Once you’ve done a few speaking gigs, and shown that you can be halfway competent on stage with a microphone, you will become known as someone who can speak to a crowd. Any crowd. About anything. Since you are now one of the few who demonstrably do not have a mortal fear of public speaking, you will be the fall girl or guy when someone is called on to speak. The dreaded chant of “Speech, Speech!” will fill you with dread, and rightly so.
Conference planning should be done a year in advance. That’s your life as a speaker. You’re going to be traveling so you need to know when and where, and how it’s going to impact your personal life. You will get the occasional late-breaking invitation, or have to step in to fill a gap, but then leaving spare capacity for those occurrences is also good planning.
Have you been heckled? What should you do when you are heckled? Your audience will react to your talk in unpredictable ways—here are some of the ways I’ve found to cope with undesirable audience members.
Here’s a problem you’re going to face soon enough: you submitted a fantastic CFP; you got accepted; the conference is paying for everything; you’ve put it out all over social media … and you get sick two days before the conference.
What do you do?
This week my topic is “building your personal brand”. A nice easy topic, I thought. But when I sat down to write the newsletter it became very clear to me that I did not have the first clue about personal branding. My own “personal brand”, such as it is, has not been crafted with any sort of structure or intent. I have all sorts of things out there on the net, but there’s no cohesion to them.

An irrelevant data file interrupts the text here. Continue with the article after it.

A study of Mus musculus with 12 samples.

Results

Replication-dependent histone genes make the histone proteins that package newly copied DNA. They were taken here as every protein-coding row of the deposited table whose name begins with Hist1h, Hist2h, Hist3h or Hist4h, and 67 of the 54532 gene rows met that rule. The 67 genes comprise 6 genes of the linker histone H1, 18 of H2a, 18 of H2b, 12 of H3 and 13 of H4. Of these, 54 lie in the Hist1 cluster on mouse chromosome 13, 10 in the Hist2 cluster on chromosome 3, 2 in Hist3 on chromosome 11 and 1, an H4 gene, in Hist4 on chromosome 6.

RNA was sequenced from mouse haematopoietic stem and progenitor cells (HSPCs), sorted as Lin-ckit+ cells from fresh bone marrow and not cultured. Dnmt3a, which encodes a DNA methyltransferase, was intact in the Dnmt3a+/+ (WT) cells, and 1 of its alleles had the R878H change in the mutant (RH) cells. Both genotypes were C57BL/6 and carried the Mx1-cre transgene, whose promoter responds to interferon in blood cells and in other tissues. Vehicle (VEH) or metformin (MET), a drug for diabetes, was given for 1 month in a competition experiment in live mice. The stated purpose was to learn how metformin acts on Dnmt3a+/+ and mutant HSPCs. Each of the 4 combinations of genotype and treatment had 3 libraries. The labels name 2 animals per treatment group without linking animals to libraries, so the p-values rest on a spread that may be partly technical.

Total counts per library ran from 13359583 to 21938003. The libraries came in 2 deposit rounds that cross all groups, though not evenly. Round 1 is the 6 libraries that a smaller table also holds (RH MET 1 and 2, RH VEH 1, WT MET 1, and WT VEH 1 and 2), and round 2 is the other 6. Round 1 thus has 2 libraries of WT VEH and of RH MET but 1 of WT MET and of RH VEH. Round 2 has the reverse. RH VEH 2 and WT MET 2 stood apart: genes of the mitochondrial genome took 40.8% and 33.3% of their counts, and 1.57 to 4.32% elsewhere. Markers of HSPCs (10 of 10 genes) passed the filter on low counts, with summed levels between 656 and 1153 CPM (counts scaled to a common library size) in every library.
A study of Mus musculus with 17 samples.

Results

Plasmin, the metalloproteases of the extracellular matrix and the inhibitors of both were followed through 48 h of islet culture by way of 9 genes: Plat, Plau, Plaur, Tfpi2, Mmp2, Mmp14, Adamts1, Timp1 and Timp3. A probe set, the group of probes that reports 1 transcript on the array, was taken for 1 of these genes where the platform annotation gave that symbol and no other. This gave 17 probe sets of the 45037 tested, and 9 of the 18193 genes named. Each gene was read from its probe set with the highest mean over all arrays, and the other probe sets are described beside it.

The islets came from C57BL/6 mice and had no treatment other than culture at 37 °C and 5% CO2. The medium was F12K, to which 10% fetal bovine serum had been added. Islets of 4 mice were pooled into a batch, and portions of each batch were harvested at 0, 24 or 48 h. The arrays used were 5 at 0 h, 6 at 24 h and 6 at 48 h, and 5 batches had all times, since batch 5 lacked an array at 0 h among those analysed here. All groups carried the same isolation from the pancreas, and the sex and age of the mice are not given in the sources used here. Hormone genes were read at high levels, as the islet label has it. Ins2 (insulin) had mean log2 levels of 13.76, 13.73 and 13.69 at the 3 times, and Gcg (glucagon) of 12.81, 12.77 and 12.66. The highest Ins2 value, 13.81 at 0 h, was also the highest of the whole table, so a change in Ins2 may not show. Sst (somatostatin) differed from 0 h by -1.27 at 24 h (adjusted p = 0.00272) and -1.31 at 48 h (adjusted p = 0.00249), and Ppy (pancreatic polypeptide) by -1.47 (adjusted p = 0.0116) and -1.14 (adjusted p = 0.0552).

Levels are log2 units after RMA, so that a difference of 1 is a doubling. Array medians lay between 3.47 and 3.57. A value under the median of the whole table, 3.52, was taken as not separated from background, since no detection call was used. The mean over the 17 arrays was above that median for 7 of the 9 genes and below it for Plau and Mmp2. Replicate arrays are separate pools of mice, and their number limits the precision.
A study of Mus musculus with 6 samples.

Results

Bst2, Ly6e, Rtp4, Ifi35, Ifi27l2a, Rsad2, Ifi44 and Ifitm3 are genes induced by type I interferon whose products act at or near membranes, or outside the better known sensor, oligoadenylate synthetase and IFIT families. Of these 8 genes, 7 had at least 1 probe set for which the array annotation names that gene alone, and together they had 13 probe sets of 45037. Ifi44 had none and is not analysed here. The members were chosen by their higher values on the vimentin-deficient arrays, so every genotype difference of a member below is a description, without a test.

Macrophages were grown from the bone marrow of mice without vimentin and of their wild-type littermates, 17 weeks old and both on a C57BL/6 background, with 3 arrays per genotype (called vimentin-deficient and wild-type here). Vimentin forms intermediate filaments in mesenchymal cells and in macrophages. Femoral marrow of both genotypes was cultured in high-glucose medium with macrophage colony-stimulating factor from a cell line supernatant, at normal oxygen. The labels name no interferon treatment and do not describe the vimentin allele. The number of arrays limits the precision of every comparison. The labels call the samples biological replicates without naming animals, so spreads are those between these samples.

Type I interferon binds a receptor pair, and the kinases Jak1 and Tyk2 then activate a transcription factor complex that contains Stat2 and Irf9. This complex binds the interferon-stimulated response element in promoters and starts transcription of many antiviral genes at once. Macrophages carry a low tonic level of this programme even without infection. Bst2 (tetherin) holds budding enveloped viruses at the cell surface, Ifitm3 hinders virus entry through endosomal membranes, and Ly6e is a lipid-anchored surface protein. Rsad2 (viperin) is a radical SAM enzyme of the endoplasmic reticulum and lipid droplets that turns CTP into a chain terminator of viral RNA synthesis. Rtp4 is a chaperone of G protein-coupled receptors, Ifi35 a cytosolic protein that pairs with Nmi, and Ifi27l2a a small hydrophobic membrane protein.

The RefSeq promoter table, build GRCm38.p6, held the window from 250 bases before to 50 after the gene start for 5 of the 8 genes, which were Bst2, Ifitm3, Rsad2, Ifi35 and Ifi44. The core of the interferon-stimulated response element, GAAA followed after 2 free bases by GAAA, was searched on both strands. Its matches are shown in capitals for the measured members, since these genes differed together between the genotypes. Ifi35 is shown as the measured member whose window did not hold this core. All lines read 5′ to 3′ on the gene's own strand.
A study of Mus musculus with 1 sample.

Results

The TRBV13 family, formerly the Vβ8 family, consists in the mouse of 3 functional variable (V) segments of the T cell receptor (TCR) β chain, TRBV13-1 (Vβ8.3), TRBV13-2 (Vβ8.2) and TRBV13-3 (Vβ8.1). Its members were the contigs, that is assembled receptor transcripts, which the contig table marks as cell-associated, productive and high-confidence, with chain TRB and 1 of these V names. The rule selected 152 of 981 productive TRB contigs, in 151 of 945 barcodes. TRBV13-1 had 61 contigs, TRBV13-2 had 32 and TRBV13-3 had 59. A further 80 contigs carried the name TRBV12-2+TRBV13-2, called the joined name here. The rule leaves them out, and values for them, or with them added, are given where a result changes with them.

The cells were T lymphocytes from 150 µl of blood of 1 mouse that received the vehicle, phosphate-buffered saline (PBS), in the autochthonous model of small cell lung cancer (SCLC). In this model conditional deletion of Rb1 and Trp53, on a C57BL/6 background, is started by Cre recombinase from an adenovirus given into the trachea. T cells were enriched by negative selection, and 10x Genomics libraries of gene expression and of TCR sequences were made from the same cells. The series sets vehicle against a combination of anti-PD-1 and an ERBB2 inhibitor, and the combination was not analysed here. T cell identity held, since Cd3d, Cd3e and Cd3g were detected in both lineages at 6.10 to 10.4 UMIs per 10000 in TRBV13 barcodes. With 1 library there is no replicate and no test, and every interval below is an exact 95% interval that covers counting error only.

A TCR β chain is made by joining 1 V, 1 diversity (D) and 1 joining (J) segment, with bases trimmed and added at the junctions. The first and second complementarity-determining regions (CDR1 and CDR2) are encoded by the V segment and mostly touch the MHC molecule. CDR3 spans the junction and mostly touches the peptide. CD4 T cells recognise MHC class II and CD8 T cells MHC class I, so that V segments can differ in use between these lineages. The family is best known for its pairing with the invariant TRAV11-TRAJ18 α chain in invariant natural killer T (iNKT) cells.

Finding your personal style is an important step in your development as a public speaker. It’s not something that you can force or something that you can choose. Fighting your personal style is not a good idea. Blindly adopting random pieces of public speaking advice is not the way to go.
This is the 16th edition of this newsletter. Thank you so much for reading and making it a success! I've really enjoyed founding and writing this newsletter in 2017, and I'm really looking forward to 2018.
This edition is a traditional "best of 2017". I've picked the content from 2017 that has resonated the most with readers. If you've only subscribed recently, I hope you'll enjoy some of the material you may have missed from earlier editions.
How do you ensure consistent and high-quality delivery of your talk each time your get up on stage and face an audience? It is not simply a matter of skill or practice. There are many small things to remember, and unless you use a checklist, you will forget some of them.
As you may have noticed, last weeks edition of this newsletter contained a rather embarrassing flaw—the conference descriptions did not match the conference detail bullet lists. I forgot to update the conference descriptions. I use mental checklists a lot and find them to be very effective. I use one before publishing this newsletter. I run through the checklist in my head while reviewing the final draft.